Analysing TAGS datasets in to Tableau

This post on analysing a TAGs dataset using Tableau is a continuation of earlier posts on social media analytics here and here. It’s worth noting that Tableau Public cannot be used here as it is against Twitter’s Terms of Service.

This post is really to act as notes for my own use but I thought they might he more generally helpful. Again, this exercise was done partly through my participation in the excellent Social Media Analytics course on Future Learn.

The dataset is download data from the TAGs Archive Tab  in excel format and should be converted to the native Tableau data format.

Temporal visualisation of SavetheOU Tweets

From here, various forms of analysis are possible including a temporal presentation of the tweets. As can be seen here, the activity around this hashtag is really concentrated around the period of the controversy in March and April 2018. As I noted previously, this hashtag ‘Twitterstorm‘ died down after the resignation of Peter Horrocks in April.









Breaking down the total dataset into different tweet types helps in identifying the moments when particular tweets are going viral, or when key users are getting many @mentions.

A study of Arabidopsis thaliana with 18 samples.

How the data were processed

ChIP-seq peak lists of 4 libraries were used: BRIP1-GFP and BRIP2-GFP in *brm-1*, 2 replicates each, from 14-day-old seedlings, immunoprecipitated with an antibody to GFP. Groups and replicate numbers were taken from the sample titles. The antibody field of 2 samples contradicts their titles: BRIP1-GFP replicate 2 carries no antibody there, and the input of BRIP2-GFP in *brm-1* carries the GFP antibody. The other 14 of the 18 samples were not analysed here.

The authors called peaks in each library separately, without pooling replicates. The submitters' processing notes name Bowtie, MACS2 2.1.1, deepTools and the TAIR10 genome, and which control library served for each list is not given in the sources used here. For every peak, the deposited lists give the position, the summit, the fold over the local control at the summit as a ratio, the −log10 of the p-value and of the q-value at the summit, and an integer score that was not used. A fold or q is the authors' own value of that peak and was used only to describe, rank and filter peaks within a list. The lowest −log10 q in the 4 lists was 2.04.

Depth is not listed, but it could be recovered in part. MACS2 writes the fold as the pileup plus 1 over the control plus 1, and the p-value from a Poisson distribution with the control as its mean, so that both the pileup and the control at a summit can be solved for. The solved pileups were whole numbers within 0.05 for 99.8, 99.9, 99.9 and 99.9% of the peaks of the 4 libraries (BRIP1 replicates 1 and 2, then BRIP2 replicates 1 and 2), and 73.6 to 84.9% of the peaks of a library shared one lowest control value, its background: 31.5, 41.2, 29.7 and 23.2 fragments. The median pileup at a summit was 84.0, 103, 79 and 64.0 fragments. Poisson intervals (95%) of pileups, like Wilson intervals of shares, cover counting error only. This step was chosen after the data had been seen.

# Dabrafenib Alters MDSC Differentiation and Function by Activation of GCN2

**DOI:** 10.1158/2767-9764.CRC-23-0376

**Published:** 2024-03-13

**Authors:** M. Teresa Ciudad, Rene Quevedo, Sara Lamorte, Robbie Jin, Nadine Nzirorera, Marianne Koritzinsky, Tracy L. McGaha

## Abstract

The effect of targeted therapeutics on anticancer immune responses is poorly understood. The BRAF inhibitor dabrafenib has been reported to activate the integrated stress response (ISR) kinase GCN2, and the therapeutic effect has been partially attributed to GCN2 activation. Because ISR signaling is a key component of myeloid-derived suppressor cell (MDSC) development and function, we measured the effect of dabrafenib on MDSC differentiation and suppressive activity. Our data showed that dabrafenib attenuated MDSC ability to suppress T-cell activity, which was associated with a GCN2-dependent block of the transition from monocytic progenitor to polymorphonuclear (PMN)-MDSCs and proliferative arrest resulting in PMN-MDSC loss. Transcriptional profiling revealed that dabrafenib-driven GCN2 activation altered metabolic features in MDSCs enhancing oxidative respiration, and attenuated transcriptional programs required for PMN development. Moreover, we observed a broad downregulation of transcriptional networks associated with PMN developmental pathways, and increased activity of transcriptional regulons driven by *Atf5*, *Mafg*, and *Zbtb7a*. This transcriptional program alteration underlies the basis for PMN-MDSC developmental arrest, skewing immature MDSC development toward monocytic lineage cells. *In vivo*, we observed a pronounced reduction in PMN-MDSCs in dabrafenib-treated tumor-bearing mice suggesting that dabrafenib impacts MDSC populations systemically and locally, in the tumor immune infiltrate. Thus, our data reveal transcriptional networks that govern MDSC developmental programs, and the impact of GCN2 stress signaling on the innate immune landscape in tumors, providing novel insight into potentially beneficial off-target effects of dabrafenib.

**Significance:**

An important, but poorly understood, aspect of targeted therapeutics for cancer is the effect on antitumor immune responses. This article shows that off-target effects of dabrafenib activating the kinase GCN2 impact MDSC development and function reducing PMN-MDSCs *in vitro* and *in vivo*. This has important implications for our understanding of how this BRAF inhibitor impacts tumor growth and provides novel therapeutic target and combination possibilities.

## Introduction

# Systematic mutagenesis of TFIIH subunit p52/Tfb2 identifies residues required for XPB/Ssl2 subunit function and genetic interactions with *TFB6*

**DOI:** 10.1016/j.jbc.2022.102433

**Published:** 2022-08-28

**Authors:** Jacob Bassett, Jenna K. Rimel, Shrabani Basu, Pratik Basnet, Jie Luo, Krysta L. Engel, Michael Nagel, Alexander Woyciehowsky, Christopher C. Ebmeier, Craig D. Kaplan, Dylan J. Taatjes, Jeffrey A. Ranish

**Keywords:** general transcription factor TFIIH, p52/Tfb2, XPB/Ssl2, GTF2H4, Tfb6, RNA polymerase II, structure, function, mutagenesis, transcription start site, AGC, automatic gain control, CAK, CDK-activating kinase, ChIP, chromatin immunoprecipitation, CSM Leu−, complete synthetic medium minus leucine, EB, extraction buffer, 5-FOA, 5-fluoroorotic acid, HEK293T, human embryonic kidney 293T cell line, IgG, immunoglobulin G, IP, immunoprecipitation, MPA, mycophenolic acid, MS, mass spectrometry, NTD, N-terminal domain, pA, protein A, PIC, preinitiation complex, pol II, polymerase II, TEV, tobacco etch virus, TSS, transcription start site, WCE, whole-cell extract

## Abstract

Tweet types demonstrate the effect of RT on the overall volume of Tweets in these two hashtags. For example, highest number of original Tweets (orange) was 65 on one day but number of RTs (red) on that same day was 515.

User mentions (blue)  – implying some form of discussion or exchange closely mirror the volume and temporal pattern of original Tweets

Looking at the tweets of individual participants reinforcing the importance of the RT function in the overall activity patterns of the Twitterstorm.

So what does this tell us? Very little really. It confirms the findings of others (see for example, Bruns et al 2013) on Twitter in that the minority of users generate the majority of original content, on the importance of retweeting in terms of spreadings tweets and generating a Twitterstorm and that there is very little discussion on Twitter (what Honeycutt & Herring, 2009, termed ‘addressivity’).